It’s been a while now since the launch of the popular location based AR game Pokémon Go and what was an explosion of people playing it and other similar games. The sheer number of people that the game motivated to get out and about playing it was quite amazing, with many people getting out and walking for the entire day just to level up. The idea of location based experiences is that a user will use a GPS device, in most cases a smartphone and by travelling to different real-life locations they can unlock different content and do various activities.
VR and AR are already starting to have an impact in many design workflows, we talked in a previous blog about the use of VR and AR in product design here, today we’ll go more in depth in this area and other design use cases, discussing the advantages, and how you can get started using some of these tools on devices you may already have. Product Design Similarly to how 3D printing has transformed the manufacturing industry, VR and AR will rapidly improve and speed up the prototyping phase of product design when integrated into the workflow.
The healthcare sector is utilizing technology more and more from X-Rays using cathode tubes in the 1800s to, the present day where robotics are being used in complex surgeries. We’ve written in the past about how AR and VR has a part to a play in our daily lives, healthcare is no different. Here are 5 different ways AR and VR have been used in the healthcare sector. Exposure Therapy Exposure therapy involves those living with anxieties or stressors facing their condition in a controlled manner without any danger to themselves.
On the 14th of July the 2018 World Cup will begin when the hosts Russia will kick off against Saudi Arabia in Luzhniki Stadium in Moscow. The 2018 World Cup will be broadcasted to millions of people around the world through televisions, mobiles, computers and for the first time in the World Cups history, in Virtual Reality (VR). This will be the biggest sporting event ever to be presented within VR with the previous World Cup in 2014 reaching 3.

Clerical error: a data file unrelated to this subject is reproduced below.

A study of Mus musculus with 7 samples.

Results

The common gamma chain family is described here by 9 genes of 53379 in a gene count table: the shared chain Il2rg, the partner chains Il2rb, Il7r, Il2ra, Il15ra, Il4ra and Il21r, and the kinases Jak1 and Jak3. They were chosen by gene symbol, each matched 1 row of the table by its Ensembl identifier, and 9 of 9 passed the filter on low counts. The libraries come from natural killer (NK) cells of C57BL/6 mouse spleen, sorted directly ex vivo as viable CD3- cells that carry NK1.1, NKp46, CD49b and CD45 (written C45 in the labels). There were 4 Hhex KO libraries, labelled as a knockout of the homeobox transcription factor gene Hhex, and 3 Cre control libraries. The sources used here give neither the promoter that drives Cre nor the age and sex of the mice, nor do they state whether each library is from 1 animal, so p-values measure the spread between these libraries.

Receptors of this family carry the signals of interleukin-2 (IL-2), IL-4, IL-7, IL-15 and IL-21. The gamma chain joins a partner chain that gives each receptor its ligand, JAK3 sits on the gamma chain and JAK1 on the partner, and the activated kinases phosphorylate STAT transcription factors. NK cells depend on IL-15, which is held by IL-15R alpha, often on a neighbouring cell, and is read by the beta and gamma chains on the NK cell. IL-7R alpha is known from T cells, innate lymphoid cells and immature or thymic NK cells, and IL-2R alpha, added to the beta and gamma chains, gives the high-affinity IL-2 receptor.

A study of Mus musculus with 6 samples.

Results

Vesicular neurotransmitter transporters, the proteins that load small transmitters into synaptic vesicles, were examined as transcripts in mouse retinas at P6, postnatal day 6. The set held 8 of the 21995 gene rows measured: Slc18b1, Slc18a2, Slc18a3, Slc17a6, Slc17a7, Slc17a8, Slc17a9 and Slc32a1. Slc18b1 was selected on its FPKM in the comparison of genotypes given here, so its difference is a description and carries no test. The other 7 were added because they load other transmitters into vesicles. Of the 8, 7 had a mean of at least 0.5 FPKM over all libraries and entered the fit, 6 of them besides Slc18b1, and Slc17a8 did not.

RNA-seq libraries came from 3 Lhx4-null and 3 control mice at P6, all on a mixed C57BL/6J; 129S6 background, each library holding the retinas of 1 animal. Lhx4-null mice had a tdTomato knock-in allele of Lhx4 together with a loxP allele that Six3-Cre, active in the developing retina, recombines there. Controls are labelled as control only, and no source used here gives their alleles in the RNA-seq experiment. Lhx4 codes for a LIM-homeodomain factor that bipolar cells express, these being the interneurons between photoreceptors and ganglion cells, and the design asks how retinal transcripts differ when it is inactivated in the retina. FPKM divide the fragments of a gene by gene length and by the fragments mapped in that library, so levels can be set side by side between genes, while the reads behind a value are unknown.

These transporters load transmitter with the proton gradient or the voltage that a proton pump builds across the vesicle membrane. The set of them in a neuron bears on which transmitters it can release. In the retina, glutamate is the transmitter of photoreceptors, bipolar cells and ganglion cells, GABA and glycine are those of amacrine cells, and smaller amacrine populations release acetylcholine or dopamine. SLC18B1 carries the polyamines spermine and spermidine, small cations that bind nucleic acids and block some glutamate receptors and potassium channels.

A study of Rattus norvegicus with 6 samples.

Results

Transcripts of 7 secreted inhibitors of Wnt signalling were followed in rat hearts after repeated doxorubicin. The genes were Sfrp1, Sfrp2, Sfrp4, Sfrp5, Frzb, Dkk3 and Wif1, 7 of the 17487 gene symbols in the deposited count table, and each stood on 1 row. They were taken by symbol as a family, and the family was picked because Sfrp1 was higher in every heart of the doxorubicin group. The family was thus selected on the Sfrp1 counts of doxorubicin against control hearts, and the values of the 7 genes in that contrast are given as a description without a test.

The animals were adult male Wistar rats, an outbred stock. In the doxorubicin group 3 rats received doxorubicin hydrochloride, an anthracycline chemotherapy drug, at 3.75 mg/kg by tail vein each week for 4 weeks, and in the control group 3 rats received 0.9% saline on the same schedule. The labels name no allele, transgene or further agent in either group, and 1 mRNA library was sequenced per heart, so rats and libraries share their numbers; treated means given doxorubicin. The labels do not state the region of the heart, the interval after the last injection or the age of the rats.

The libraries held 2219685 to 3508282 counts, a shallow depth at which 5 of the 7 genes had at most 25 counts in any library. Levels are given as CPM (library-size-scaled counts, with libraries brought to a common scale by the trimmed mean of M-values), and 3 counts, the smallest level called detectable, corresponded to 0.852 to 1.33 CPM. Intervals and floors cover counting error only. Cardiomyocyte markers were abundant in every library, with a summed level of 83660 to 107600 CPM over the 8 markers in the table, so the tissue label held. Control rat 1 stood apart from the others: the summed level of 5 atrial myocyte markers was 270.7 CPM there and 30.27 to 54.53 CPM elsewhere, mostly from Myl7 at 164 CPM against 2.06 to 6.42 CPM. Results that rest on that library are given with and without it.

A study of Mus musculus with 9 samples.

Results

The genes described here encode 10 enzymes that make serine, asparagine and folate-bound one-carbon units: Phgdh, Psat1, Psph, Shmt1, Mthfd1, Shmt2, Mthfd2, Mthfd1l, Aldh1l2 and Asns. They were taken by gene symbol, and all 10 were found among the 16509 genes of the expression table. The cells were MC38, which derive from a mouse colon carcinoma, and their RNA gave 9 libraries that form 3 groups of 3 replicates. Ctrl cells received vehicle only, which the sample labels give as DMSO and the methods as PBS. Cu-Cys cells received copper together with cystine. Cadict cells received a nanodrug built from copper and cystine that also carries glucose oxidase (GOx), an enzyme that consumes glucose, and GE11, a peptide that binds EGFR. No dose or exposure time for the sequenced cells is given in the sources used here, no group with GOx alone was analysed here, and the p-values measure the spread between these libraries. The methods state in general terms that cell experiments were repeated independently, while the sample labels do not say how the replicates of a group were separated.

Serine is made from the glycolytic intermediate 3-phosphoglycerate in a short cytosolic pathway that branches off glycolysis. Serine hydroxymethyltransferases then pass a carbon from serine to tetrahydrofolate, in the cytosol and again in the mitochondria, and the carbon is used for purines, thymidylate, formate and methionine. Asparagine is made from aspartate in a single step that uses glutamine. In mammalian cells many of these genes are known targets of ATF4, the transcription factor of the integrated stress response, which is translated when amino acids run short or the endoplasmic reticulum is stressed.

Yesterday at WWDC – Apple’s yearly developers conference - the latest iteration of ARKit was announced, following suit of Google’s ARCore update early last month. It was at last year’s WWDC that we got a first look at ARKit and over the past year, there has been a lot of improvements and additional features to the platform. What is ARKit? The ARKit is an augmented reality SDK for IOS devices from Apple.
Google I/O - AR Core Improvements The big announcement that we are excited about is the Cloud Anchor Capability. Now we can share digital/augmented workspaces with others. Essentially this paves the way for shared AR experiences. You can tag items in your surroundings sharing these tags with friends and thanks to this new ability you will be able to redecorate your home together, explore an augmented museum together or even play tic-tac-toe.
Often when someone tries a VR setup that has positional tracking such as the Oculus Rift or the HTC Vive for the first time, they are blown away once they realise that their movements in real life translate into the virtual world. Being able to physically walk about in a VR experience gives the user a much greater sense of presence and makes them feel more like they are actually in the virtual world.
With an ever-expanding catalogue of AR devices in production it is easy to get lost in a world of new Augmented technology. The market boils down to a few main types Augmented Reality of devices right now: Wearables, Mobile AR and Projection AR. Market trends show that 2018 could be an impact year for Wearable AR Technology and it’s hard not to be excited about it. Microsoft’s HoloLens was definitely one of 2017’s standout Wearable devices and is still impressing today.
The manufacturing industry is ever-changing with advancements in technology, this is no exception with new Augmented Reality(AR) and Virtual Reality(VR) technologies. Using these to assist with current processes paves the way for enormous potential gains in productivity, cost reduction, risk reduction, and improved output. Applications of VR and AR in Manufacturing Similarly oil and gas industry , to the Manufacturing is one of the main industries driving VR and AR industry forward.
In 2017 Oil and Gas provided 76% of the UK’s primary energy and 60% of that came from indigenous sources. BP and Shell have reported revenues of $240.2 Billion and $305.1 Billion , respectively, keeping oil and gas as one of the UK’s biggest industries. Being a huge and relatively old industry, oil and gas corporations are prime for disruption from new technologies. AR and VR have already seen application in other sectors and there are a number of ways that they could revolutionise oil and gas.